Earl of Northampton

Simon de St.Liz, otherwise known as Simon de Sancto Lizio, commonly called de Senlyz or de Senlis, is a legendary, almost mythical figure. He came to England early in the reign of William Rufus and not, as is generally stated, in the days of William the Conqueror. Born around 1044 in Normandy, he was to marry Maud Huntington, eldest daughter of Judith of Lens. Judith's husband was the earl of Northampton, Waltheof II, the sole remaining English nobleman until he was beheaded in 1073.

His first marriage however, was to Jeanne de Montfort around 1064. They had no children and in 1088-9, she died. Simon remarried that same year to Maud who had by then become hieress to her fathers vast possessions. By right of his new wife, Simon subsequently became Earl of Northampton and Huntingdon. Maud gave birth in subsequent years to three children (two boys and a girl). The eldest son took the title of 2nd Earl of Northampton as it passed down.

Simon de St. Liz III became the 8th Earl of Huntingdon and Northampton between 1174 and 1184. He died in June 1184. The Earldom of Northampton became extinct on his death. Simon de St. Liz III is buried in St. Andrews, Northampton. Ironically, the church of St Andrews was built by the first Earl for his own burial place.

Northampton castle and it's defences were built by Simon around 1089 to prevent any Saxon uprising. He was the founder of the Cluniac priory of St. Andrew's, the builder of the first castle, the Norman churches of the Holy Sepulchre and All Saints, and, according to tradition, of the town wall. Simon was a religious man and almost thirty years after fighting along side William the Conqueror, he made a pilgrimage to the Holy Lands. This crusade was about to unite the major powers of Europe for the first time.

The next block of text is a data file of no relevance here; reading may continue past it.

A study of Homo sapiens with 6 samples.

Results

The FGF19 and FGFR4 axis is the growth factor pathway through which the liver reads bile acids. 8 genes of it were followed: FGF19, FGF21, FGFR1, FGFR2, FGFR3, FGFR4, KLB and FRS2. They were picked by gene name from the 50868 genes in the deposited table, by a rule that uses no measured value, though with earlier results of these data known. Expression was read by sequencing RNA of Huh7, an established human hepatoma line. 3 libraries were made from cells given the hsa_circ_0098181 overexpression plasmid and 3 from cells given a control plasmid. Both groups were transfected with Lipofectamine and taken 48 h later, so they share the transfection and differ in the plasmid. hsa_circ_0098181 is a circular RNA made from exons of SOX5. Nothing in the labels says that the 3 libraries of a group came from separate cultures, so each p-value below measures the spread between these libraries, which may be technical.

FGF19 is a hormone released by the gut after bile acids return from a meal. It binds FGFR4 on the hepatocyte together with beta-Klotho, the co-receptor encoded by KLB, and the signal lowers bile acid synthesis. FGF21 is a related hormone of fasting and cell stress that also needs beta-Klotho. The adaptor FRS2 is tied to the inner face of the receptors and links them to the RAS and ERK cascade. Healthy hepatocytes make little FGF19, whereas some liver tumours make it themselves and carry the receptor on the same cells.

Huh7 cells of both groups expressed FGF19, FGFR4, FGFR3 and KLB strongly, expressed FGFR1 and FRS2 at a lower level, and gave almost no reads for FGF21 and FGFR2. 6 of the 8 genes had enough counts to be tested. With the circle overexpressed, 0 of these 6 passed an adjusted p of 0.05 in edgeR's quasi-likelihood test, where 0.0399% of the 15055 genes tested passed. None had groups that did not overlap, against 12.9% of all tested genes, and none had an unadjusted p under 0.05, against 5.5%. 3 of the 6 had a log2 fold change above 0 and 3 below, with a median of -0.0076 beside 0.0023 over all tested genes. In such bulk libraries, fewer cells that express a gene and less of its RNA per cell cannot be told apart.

On his return from the first pilgrimage in 1100, Simon had plans to build a church which would be in the same style as one he saw in Jerusalem. This church was called the Church of the Holy Sepulchre which still stands today 900 years on. Tradition has it that he also built South Bridge which dates back to c. 1100. Simon didn't restrict his building to just Northampton. He has churches and abbeys throughout Northamptonshire

On return from his second crusade to the holy lands, Simon fell ill and died shortly afterwards in an abbey, La Charite-Sur-Loir, Nievre, France. It was the year 1115 and Simon was about 70 years old. His wife, Maud, remarried later that same year. By marrying David 1, King of Scotland, she became Scotland's queen.